Sweet Geology

This is a delicious way to use chocolate to explore the three different kinds of rocks, seeing the difference between igneous, sedimentary and metamorphic rocks.

You will need:

  • fudge
  • brownies
  • ice cream
  • nuts
  • a clear, glass bowl
  • a spoon

There are three basic kinds of rocks. Igneous rocks are formed from molten rock that cools. Metamorphic rocks are rocks that have been changed by heat and/or pressure. Sedimentary rocks are made up of bits of other rocks that have been transported by water, wind, ice or gravity. How would you illustrate these categories with chocolate?

To simulate an igneous rock, make some fudge. You heat and stir the ingredients until they are completely melted. When it cools, it hardens into solid fudge, just as lava and magma cool into solid rocks.

For a metamorphic rock, bake some brownies. The heat of cooking causes changes in the ingredients. What comes out is very different from what went in. That is very much like what happens to metamorphic rocks. Marble is not much like the limestone that it came from.

I had to think a bit about sedimentary rocks. Since sedimentary rocks are made up of bits of other rocks, my first thought was to crumble the brownies. Instead of using water, wind or ice to transport the fragments, I decided to use gravity. Sprinkle the crumbled brownie into a clear, glass bowl. Sedimentary rocks usually form layers, so make a nice layer of brownie fragments. One layer by itself is no fun, so lets make another one. Ice cream would represent an igneous rock, since it is cooled to make it a solid. Use a spoon to dig out chunks of the ice cream and let gravity deposit them on top of the fragments of metamorphic brownie. Keep adding fragments until you have a second layer.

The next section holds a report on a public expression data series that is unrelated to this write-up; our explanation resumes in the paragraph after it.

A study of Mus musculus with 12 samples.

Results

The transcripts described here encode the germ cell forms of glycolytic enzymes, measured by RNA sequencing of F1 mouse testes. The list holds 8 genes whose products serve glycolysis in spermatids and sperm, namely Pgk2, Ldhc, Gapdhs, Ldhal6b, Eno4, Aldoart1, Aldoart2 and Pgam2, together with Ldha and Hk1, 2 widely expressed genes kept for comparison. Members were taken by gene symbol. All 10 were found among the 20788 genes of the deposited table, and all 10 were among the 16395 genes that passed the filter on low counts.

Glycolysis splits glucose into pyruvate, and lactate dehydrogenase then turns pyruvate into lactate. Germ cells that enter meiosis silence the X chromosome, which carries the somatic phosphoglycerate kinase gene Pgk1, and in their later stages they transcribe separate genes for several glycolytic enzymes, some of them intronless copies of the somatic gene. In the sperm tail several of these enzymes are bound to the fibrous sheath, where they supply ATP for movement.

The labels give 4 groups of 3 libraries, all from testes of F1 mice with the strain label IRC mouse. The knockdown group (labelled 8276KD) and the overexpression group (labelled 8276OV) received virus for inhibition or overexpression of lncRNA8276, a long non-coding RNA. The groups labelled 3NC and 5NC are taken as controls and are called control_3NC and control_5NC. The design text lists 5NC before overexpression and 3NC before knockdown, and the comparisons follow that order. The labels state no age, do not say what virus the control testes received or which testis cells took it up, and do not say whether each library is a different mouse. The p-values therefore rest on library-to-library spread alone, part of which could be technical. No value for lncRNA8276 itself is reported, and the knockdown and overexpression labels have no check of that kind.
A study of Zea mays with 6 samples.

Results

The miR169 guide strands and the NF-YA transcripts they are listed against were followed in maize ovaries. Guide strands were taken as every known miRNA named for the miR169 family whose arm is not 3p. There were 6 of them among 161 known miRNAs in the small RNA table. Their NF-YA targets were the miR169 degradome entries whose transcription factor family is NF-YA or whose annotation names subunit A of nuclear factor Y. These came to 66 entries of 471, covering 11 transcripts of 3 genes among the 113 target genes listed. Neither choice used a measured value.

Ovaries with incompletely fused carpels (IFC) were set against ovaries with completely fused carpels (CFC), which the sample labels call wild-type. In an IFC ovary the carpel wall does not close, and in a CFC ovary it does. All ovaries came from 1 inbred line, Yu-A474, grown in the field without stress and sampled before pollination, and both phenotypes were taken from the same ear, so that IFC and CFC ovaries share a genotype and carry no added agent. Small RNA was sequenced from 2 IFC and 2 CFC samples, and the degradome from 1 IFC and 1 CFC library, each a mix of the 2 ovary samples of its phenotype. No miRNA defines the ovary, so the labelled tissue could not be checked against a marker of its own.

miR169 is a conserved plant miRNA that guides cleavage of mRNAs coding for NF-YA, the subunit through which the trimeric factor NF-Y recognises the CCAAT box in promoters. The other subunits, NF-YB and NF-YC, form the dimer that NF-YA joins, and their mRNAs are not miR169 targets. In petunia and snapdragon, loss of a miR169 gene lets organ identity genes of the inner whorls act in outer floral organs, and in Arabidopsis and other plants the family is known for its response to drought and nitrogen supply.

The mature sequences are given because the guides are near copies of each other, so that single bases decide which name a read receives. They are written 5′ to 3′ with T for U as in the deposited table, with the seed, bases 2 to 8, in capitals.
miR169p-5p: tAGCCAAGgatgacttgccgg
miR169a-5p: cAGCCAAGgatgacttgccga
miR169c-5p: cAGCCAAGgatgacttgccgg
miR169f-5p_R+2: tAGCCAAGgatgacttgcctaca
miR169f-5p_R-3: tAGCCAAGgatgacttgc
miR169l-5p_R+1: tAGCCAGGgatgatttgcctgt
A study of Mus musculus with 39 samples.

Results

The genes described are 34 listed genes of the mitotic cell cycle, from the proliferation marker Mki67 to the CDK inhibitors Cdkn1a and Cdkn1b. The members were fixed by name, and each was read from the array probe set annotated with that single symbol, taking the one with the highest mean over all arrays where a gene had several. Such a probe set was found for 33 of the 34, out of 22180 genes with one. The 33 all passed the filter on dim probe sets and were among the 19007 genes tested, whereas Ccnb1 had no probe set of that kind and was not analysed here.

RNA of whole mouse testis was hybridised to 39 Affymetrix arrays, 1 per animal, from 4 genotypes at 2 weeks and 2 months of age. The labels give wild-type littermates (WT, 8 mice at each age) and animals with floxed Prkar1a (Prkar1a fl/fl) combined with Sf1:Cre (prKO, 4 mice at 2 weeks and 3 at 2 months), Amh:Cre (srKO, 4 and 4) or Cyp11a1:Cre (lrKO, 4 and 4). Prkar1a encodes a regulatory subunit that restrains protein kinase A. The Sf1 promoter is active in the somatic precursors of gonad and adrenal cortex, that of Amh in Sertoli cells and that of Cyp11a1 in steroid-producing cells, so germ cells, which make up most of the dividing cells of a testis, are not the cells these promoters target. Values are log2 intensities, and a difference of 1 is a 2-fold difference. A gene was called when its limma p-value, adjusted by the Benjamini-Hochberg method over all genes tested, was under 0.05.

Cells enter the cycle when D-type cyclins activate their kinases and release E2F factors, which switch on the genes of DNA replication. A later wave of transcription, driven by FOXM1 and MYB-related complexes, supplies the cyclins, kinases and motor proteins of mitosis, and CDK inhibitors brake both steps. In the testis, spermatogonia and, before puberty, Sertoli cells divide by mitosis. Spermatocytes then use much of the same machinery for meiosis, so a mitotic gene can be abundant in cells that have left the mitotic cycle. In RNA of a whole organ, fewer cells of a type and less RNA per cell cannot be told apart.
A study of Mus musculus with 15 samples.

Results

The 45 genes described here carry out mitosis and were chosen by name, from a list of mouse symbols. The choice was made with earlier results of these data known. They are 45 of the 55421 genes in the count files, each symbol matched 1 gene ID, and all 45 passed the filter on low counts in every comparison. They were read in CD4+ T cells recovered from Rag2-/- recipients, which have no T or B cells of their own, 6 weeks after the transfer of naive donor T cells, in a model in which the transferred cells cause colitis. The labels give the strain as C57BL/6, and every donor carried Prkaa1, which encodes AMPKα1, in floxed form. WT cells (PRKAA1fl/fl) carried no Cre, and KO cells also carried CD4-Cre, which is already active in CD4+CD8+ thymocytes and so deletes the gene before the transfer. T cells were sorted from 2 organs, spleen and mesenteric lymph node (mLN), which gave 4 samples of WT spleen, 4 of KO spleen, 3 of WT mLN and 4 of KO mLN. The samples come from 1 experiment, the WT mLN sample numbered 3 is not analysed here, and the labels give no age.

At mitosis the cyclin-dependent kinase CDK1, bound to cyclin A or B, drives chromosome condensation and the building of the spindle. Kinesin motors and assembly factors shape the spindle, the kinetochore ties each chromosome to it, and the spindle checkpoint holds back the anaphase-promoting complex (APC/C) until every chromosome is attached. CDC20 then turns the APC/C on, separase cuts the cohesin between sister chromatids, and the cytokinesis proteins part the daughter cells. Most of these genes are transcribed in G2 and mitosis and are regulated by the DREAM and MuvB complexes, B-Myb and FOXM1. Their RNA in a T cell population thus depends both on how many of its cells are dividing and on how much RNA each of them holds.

Now we have two layers of sedimentary rocks. How about a third layer? Chop some nuts very fine, to represent sand and gravel. Sprinkle a thin layer of the nuts to make the third layer. Now we have a very nice sedimentary example.

You can even "read" the history. Looking at the layers, which one was put down first? The bottom one, right? The same is true in geology. It is called the Law of Superposition. As long as the layers have not been turned over or disturbed, the bottom layer is the oldest and they get younger as you get higher.

Ok, so the bottom layer was put down first. But, we know that something happened even before that. The bottom layer is made up of metamorphic fragments. With a geologic site, that would tell us that those fragments came from a layer of rock that had been changed by heat and pressure. We could also tell what the rock was before it was changed. For example, slate starts as shale, marble begins as limestone, and quartzite starts as sandstone.

The next layer up was ice cream, which we said was igneous. But again, it was fragments of the "rock", so again we know that some older, igneous rock has been eroded to form this layer.

The top layer is made up of plant material, the nuts. Not all rocks are made of minerals. Peat and coal are both examples of rocks that are made up of plant material.

If you want, you can get even more involved. You could slice the layers and then offset the two pieces, to simulate a fault. Then you could "erode" the top to even it out. An easy way to do this is with a spoon. Just eat any part that sticks up. Then you could top it off by simulating a volcanic eruption with a lava flow of hot fudge. With a little thought, you can use chocolate to explore many different rocks and structures. What a fantastic way to study geology!